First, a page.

Since it was first introduced, the concept of lab-grown meat has proven extremely controversial.
Although it represents a considerable advancement in environmental sustainability, most consumers remain unconvinced and believe it to be an untrustworthy source of protein. That’s why Australian researchers have set out to challenge this assertion with their Meat Re-imagined white paper.
The extensive research, conducted by the Aussie think tank Food Frontiers, reckons that it’s only a matter of time until this so-called “clean” meat dominates the market. For now though, the high cost of lab-grown meat means it is reserved only for top-market restaurateurs. This is exemplified in the paper by Singapore-based Shiok Meats who claim they can only currently afford to target “high-end restaurants for gastronomical experiences.”
Nevertheless, the paper notes that huge changes are ahead as the price of creating lab-grown meat is set to decrease soon. Shiok Meats even claim that they will be ready to start selling commercial “clean” seafood by 2020/21. Similarly, American manufacturer JUST claims it will be selling lab-grown products within a “30% price range of conventional meat in the near future.”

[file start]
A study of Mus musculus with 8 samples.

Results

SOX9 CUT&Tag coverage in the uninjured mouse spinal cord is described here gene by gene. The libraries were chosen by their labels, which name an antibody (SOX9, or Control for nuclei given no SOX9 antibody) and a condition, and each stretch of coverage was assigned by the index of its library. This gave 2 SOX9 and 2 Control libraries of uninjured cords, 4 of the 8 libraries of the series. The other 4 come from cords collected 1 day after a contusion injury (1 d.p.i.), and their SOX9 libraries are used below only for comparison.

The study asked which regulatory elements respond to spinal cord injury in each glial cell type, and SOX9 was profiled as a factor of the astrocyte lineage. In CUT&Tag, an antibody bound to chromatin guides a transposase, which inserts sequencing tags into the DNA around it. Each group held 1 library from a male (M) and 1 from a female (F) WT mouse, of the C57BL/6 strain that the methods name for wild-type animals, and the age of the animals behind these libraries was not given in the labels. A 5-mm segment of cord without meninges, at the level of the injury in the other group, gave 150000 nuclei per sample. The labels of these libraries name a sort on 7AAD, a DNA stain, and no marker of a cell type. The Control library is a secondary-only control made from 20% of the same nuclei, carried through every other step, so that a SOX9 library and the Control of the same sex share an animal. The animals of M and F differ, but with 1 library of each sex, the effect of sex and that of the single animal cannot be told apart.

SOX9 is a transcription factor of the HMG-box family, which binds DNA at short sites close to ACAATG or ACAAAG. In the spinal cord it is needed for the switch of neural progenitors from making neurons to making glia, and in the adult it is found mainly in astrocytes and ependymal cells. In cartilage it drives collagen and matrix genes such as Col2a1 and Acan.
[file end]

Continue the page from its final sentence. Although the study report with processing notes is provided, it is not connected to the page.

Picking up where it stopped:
The production of lab-grown meat apparently hinges on four areas: cell lines (sources), culture medium (nutrients/feed), scaffolding (physical support) and bioreactors (cultivators). All of these areas represent complications and exorbitant cost implications which currently prevent this type of meat from entering the mainstream.
Furthermore, the regulations surrounding “clean” meat are extremely ambiguous, fuelling fears surrounding its authenticity. Only the United States has pledged to properly regulate this area through their Food and Drug Administration and Department of Agriculture. Even in this case, the specifics are unclear at best. The report also notes that, while the poultry and pork industries are more open-minded towards new technologies, the cattle industry remains defensive and unmalleable.
Overall, the authors of the report note that further customer education is integral to the launch of lab-grown meat. Consumers need a solid understanding in how these controversial products can benefit both them and the environment. While they currently perceive “clean” meat to be veering on the unnatural, further education could effectively persuade them to make the switch. Above all else, the report notes, this type of meat would remove the need for antibiotics commonly used in animal-rearing.